IN a first for Western Australia, the Supreme Court has awarded damages to a plaintiff adversely affected by the creation of a local government’s heritage policy.

In the case of Cornell v Town of East Fremantle, Justice Hasluck awarded the plaintiff $252,000 in damages, plus interest, for the detrimental impact the Town of East Fremantle’s heritage policy had on the value of the plaintiff’s land.

A recently published Clayton Utz case review report states that, before the creation of the heritage policy, the plaintiff had received approval to subdivide the land into two lots, and had proceeded to gain approval for a two-storey residence on the western lot.

The town refused the application because development of the concerned land, which faced the Swan River, would have an adverse impact on the surrounding riverside escarpment.

The riverside escarpment area is considered by the Town of East Fremantle to be of heritage value and regional significance.

In the Town of East Fremantle planning scheme it rules that designated areas of heritage value should be retained in their current state, however the scheme also provides opportunity for claims of compensation in circumstances where land values are affected because of the town’s refusal to approve a development.

The opportunity to claim compensation is also found in the Town Planning and Development Act 1928 (TDPA) and the Metropolitan Regional Town Planning Scheme Act. 

According to the Cayton Utz report the TDPA delineates where compensation cannot be claimed, including where town planning provisions are designed to improve amenity or conserve heritage value. But these exemptions do not apply if the provisions are purely for public purpose.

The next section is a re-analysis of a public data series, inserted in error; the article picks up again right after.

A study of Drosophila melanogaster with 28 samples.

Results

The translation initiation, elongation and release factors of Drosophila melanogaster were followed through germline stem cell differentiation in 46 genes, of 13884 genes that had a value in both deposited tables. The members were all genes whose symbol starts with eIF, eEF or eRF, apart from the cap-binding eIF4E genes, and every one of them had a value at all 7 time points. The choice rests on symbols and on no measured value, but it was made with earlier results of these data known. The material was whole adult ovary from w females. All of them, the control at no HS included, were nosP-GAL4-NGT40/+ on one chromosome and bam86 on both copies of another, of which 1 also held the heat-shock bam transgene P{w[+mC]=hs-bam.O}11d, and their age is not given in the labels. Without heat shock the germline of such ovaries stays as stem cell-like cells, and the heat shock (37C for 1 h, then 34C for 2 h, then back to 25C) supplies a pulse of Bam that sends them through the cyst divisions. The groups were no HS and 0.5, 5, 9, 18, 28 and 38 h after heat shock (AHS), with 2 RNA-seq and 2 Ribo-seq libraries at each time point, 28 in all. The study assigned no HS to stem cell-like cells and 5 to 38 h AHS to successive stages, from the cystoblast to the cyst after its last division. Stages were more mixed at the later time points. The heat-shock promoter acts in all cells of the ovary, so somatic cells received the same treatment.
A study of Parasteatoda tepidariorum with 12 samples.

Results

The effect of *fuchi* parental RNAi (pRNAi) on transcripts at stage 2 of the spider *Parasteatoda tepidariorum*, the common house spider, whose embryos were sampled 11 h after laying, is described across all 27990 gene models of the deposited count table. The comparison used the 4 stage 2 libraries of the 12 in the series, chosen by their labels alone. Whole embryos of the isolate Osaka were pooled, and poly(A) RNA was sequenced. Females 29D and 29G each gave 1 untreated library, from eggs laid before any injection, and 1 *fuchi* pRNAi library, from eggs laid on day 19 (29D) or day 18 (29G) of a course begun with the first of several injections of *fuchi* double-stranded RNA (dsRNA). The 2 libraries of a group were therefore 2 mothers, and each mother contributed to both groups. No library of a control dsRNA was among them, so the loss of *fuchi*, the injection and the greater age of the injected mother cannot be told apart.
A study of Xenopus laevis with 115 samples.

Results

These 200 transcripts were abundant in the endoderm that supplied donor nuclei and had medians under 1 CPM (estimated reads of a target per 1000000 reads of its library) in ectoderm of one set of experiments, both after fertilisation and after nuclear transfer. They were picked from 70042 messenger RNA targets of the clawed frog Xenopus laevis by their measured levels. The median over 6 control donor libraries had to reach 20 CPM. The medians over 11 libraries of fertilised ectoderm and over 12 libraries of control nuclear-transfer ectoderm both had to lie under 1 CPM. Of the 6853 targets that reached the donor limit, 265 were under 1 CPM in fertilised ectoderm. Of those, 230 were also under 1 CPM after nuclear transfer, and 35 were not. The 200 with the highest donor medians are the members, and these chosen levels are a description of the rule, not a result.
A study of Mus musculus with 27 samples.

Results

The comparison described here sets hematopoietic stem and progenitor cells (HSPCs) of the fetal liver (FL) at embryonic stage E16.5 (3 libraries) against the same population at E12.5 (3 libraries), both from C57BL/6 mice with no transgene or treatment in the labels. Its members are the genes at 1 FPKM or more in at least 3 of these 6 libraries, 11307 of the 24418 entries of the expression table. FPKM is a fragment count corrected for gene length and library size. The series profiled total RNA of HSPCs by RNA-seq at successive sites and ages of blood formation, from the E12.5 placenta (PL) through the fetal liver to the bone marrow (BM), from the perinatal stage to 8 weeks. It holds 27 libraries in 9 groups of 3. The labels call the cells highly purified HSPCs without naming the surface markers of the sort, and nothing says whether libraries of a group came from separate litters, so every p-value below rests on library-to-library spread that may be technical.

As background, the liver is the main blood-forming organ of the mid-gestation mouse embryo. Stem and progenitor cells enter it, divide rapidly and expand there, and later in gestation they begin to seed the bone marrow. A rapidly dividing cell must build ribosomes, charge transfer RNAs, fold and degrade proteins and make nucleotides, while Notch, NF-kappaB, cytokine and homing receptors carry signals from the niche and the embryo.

As a result of these provisions, the plaintiff’s case was fought on the grounds that the Town of East Fremantle planning scheme removed the owner’s right to develop their land.

Freehills associate Andrew Carr said while there was potential for other heritage compensation cases to go through the TDPA, it was unlikely that the Cornell v Town of East Fremantle would set a precedent for future cases.

Mr Carr said it was unusual for a scheme to contain an express right to claim compensation for adverse local government decisions made on heritage grounds.

He said communities were becoming more aware of heritage issues and that, equally, developers needed to be aware of heritage issues that applied to their area.

“We will see more heritage policies in the future. Local government will have more of a focus on it,” Mr Carr said.

WA Local Government Association president Clive Robartson said the case had not set a precedent for future cases against local governments.

It was critical to local government and the community that heritage issues were resolved.

“We certainly have processes in place to ensure that,” Mr Robartson told WA Business News.